It isn’t everyday that an automaker will straight-up compare one of its classic cars to a new model, even making that older example available to the media to drive — not surprisingly, car companies don’t want their shiny new car upstaged by the sometimes-better looking and more-engaging-to-drive oldie — but that’s what Volkswagen of America did during the recent media launch events for their all-new 2019 Jetta. Perhaps VWoA knew it had nothing to fear, as today’s drivers have come to expect high levels of infotainment and digital connectivity that are obviously absent in the first-generation model, 37 years its senior. But what if that original Jetta offered its own, equally appealing analog forms of infotainment and driving connectivity?

VWoA recently purchased, and subsequently restored, the 1982 Jetta four-door seen in these Volkswagen-provided photos. This crisply styled sedan displayed more than 180,000 miles on its odometer. It doesn’t hide its Rabbit roots, as the Jetta shared the hatchback’s wheelbase, but added the surprisingly roomy trunk that gave the car its traditional three-box shape. The first-gen Jetta, sold here from 1980 through 1984, was classified as a compact, although its 167.8-inch length was 12.5-inches longer than the Rabbit with which it shared the majority of its components.

While a Bosch CIS fuel-injected engine was optionally available in the 1980 Rabbit — a carbureted 62-hp, 1,457-cc ( four-cylinder was standard — it was the only choice for Jetta buyers. This transversely mounted four displaced 1,588-cc ( and made 76 hp; it could be paired with a five-speed manual or three-speed automatic transmission. Original fuel economy ratings were 30 city/42 highway/35 combined for the manual, 25 city/33 highway/28 combined for the automatic; with the recent EPA ratings changes, those are now considered 23/30/26 and 20/24/21, respectively.

Volkswagen made a 52-hp, circa-50 mpg 1.6-liter diesel four-cylinder engine available in the Jetta and Rabbit for 1982… but for reasons now obvious, there’s no such option for 2019.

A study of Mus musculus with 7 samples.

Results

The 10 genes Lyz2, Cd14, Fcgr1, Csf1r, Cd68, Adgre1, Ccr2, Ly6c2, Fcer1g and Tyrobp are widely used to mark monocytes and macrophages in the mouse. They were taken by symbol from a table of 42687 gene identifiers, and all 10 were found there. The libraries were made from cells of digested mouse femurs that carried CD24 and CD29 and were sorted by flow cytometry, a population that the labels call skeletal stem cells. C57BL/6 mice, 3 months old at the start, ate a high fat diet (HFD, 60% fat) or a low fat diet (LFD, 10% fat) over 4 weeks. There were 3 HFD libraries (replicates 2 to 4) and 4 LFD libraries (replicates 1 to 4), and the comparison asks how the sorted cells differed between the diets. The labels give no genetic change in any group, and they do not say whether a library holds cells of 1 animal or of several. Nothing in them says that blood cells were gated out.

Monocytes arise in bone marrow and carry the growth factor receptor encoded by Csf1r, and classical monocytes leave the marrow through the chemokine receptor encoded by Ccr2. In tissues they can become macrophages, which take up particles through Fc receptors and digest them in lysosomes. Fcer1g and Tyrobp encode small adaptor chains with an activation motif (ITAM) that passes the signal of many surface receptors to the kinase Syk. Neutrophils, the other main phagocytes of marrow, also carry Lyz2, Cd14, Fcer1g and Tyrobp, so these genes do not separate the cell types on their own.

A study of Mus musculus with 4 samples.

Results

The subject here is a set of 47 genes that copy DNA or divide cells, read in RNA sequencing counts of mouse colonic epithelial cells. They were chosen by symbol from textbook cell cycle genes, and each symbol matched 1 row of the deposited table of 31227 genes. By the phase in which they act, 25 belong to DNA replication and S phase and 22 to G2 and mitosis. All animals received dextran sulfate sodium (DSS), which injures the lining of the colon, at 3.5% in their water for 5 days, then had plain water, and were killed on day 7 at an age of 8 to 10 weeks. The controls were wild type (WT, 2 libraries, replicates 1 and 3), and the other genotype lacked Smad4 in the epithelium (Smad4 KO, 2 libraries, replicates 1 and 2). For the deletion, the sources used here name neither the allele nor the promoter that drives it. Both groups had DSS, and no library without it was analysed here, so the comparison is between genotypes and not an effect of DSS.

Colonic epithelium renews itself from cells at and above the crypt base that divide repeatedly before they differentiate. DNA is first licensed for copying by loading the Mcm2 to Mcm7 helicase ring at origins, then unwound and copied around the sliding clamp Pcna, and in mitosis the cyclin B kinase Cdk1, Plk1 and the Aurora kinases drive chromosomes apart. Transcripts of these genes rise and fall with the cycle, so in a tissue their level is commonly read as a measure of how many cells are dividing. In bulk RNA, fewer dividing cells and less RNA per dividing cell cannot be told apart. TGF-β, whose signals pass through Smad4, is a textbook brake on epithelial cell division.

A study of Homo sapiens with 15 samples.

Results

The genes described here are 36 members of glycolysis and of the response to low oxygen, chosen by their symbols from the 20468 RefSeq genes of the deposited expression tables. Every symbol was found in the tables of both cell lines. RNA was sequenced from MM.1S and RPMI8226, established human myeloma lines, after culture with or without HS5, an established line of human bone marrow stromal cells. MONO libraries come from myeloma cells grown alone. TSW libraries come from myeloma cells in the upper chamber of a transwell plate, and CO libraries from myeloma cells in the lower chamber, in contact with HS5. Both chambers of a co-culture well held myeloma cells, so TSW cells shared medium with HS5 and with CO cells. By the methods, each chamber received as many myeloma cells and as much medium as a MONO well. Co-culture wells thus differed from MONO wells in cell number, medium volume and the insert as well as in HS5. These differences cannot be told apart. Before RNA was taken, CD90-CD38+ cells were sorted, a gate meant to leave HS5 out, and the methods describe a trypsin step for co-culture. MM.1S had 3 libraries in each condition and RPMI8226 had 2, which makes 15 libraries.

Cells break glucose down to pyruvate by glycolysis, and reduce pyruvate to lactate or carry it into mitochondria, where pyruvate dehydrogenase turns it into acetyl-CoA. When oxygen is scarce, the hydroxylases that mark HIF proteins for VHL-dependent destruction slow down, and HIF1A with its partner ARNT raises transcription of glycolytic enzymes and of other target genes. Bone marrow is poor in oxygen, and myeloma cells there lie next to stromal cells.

Considering its fully independent suspension with MacPherson struts in front and coil springs/trailing arms/anti-roll bar in the rear, VW’s newest sedan offered bona fide sporting prowess, and a taut, German feel akin to the pricier compact Audi 4000 that made it very popular, very quickly.

Speaking of prices — when it was introduced in 1980, the two-door Jetta sedan cost $7,650, with the four-door version costing $220 more. Those amounts represent the rough equivalent of today’s $23,170 and $23,835. The Rabbit range of two- and four-door hatchbacks cost between $5,215 and $6,290 (the range-topping Convertible jumped to $9,340). In 1982, this Jetta would have cost $8,595 before options, or about $22,230 today.

This perspective makes Volkswagen’s pricing of the 2019 Jetta seem very aggressive, as the amply equipped base model will cost $19,395. We know it’s impossible to compare different generations, especially considering the decades of distance between them, but considering inflation, the seventh-gen sedan stickers for nearly $3,000 less than this restored creampuff originally did. It also makes about double the horsepower using less displacement, and achieves roughly the same mileage as the first-generation car’s window sticker originally claimed. Of course, the 2019’s light-for-today 3,000-pound weight is still half a ton heavier than the 1982’s, a car that was 17.3 inches shorter and 7.4 inches narrower (yet managed to offer the exact same luggage space!). Of course, that first-gen Jetta has none of the safety, convenience, or infotainment features that have been baked into the 2019 MQB modular platform car.

Check out VW’s first-gen/seventh-gen comparison chart:


There’s no debate — the seventh-generation Jetta is faster, more comfortable, and more efficient than its predecessors. Still, we can’t help but think that, with its glassy greenhouse offering unobstructed sight lines, and all dash controls (including that standard cassette stereo!) a mere fingertip’s reach from the steering wheel — itself offering excellent feedback through a hydraulic rack-and-pinion setup — the first-generation Jetta could offer today’s enthusiast driver just as much ‘infotainment’ and road-feel ‘connectivity’ as he or she could want. Or maybe that’s just us…

Did you drive a first-generation Jetta? And would you go back to the era of crank-up windows and cassette decks, if given the choice?

To see more of VWoA’s restored 1982 Jetta, click on the thumbnail images below.